For eCommerce, call it a photo finish.

Or: proof positive in the fight against friendly fraud, or more specifically first-party misuse.

FedEx said on Wednesday (June 22) that it is launching its “Picture Proof of Delivery” for express and ground residential deliveries in the U.S. and Canada that are released without a signature.

FedEx said in a press release that recipients will receive photos depicting the location of the package, and customers can access that photo proof by tracking their packages online. The service is available without having to create accounts or login.

The company noted in its announcement that FedEx Express and FedEx Ground now become the first nationwide carriers to provide that photographic evidence of delivery. And, we note, it follows in the footsteps of what Amazon has been doing for years with its own delivery efforts.

Cutting Down on Disputes 

The statement takes note that the service is useful in tracking perishable items, and gives “peace of mind” to merchants and to customers. The term “friendly fraud” is not in the mix.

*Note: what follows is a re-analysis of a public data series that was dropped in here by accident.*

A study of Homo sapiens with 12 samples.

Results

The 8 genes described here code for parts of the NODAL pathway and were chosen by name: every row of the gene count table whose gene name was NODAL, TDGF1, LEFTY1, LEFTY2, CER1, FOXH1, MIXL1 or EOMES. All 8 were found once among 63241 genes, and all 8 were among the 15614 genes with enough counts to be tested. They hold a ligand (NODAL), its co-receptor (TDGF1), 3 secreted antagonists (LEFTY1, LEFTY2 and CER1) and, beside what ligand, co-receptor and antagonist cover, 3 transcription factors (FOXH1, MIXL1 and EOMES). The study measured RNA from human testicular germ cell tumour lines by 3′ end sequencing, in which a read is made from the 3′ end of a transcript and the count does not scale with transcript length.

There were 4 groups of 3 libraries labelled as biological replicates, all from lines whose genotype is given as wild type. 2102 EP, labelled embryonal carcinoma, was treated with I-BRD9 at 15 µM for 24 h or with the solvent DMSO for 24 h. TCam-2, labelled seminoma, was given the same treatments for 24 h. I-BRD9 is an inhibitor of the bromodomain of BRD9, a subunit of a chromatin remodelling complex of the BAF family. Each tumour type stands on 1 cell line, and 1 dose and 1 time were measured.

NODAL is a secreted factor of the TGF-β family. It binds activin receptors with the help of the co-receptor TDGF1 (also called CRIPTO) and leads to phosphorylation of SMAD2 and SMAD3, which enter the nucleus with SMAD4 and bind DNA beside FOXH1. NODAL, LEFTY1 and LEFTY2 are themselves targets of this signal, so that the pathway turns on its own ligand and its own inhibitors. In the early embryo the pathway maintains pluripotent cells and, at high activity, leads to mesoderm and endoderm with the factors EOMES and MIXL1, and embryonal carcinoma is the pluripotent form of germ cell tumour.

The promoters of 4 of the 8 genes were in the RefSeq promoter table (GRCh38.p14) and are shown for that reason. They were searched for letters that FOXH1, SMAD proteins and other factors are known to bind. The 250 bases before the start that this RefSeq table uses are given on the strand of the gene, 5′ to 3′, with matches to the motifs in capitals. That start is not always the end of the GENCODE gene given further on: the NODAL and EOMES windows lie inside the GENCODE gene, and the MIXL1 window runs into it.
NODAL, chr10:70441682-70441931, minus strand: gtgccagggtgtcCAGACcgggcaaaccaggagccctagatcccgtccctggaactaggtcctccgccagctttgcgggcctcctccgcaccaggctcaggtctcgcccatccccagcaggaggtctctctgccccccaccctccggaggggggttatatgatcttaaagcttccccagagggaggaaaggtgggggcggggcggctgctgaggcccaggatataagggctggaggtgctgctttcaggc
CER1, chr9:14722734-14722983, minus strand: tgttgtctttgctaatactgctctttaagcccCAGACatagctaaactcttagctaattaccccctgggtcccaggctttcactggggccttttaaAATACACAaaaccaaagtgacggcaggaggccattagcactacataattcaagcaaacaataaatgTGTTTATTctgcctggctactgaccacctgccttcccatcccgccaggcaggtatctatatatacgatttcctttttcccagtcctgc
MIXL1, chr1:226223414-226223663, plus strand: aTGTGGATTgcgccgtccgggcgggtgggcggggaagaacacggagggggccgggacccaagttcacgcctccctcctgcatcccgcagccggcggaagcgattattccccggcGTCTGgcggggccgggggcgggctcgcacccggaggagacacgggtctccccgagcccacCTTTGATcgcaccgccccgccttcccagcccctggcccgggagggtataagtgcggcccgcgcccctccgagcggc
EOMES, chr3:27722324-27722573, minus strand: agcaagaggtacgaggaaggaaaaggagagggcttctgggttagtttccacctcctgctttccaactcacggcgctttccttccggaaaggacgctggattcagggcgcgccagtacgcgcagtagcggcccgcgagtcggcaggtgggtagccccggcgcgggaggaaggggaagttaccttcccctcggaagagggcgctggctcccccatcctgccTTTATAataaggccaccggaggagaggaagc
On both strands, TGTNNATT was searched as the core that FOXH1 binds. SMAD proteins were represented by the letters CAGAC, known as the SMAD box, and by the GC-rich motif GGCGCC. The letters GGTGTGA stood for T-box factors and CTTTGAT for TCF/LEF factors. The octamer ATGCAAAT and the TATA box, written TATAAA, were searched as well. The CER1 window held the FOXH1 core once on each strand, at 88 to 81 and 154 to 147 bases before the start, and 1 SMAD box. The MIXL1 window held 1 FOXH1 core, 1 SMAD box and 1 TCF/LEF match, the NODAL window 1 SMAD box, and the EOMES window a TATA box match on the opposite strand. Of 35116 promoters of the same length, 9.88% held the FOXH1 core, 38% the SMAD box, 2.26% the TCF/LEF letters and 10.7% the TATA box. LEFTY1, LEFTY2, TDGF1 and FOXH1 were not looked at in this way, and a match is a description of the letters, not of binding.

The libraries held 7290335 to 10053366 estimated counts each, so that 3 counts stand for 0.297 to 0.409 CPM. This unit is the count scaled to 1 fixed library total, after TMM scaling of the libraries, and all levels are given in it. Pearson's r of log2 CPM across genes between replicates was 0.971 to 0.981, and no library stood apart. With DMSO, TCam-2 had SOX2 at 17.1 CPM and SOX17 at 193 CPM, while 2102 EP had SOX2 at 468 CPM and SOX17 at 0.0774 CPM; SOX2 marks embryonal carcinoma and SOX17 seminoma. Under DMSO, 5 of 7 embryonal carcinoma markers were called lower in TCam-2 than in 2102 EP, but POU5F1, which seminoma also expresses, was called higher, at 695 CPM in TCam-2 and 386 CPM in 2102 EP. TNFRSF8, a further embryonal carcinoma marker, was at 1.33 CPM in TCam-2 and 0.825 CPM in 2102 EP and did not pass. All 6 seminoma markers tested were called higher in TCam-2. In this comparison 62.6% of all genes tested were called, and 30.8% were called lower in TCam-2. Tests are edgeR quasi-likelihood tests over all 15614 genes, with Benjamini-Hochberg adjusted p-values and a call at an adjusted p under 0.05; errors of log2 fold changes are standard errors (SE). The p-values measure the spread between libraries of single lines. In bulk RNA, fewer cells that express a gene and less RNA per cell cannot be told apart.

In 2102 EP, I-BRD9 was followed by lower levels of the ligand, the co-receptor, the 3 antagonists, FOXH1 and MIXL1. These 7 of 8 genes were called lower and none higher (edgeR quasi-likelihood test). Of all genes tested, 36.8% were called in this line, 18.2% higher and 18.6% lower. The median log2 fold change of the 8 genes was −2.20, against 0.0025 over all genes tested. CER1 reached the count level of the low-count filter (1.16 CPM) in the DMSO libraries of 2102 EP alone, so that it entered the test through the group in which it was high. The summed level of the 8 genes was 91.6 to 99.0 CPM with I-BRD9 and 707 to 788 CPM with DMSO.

But of course, that is just what this photographic initiative also is designed to prevent — friendly fraud, or first-party misuse. That type of fraud, as is germane to eCommerce, occurs when a customer claims they did not receive a package … when in fact they did.

That claim tends to kick off the chargeback process, and looks to game the chargeback system. The fraudster keeps the goods, gets the money back, and the merchant loses the sale, and in turn also incurs costs and spends time mired in the dispute process. The retailer loses out, the financial institution loses out, the bad actor makes off with the gains.

As PYMNTS found in a recent collaboration with Verifi, half of the more than 300 merchants surveyed have said that they do not have a reliable way to identify first-party misuse. As many as 23% of the merchants queried said they undercount transactions suspected of being fraudulent. And then, when there is a dispute, half of the sample noted that they have difficulties in tracking disputed transactions.

We found that the sales lost in tandem with these disputes is not insignificant: No matter whether they used in-house or outsourced providers to track and manage disputed card transactions, the top line losses were around 50 basis points for retail trade firms.

Against this backdrop, one additional line of defense against disputed card transactions lies with having proof that an item was delivered, to the right place, when the carrier says it was delivered. The FedEx initiative does just that, and may be a successful tool in cutting down disputes before they can even be initiated.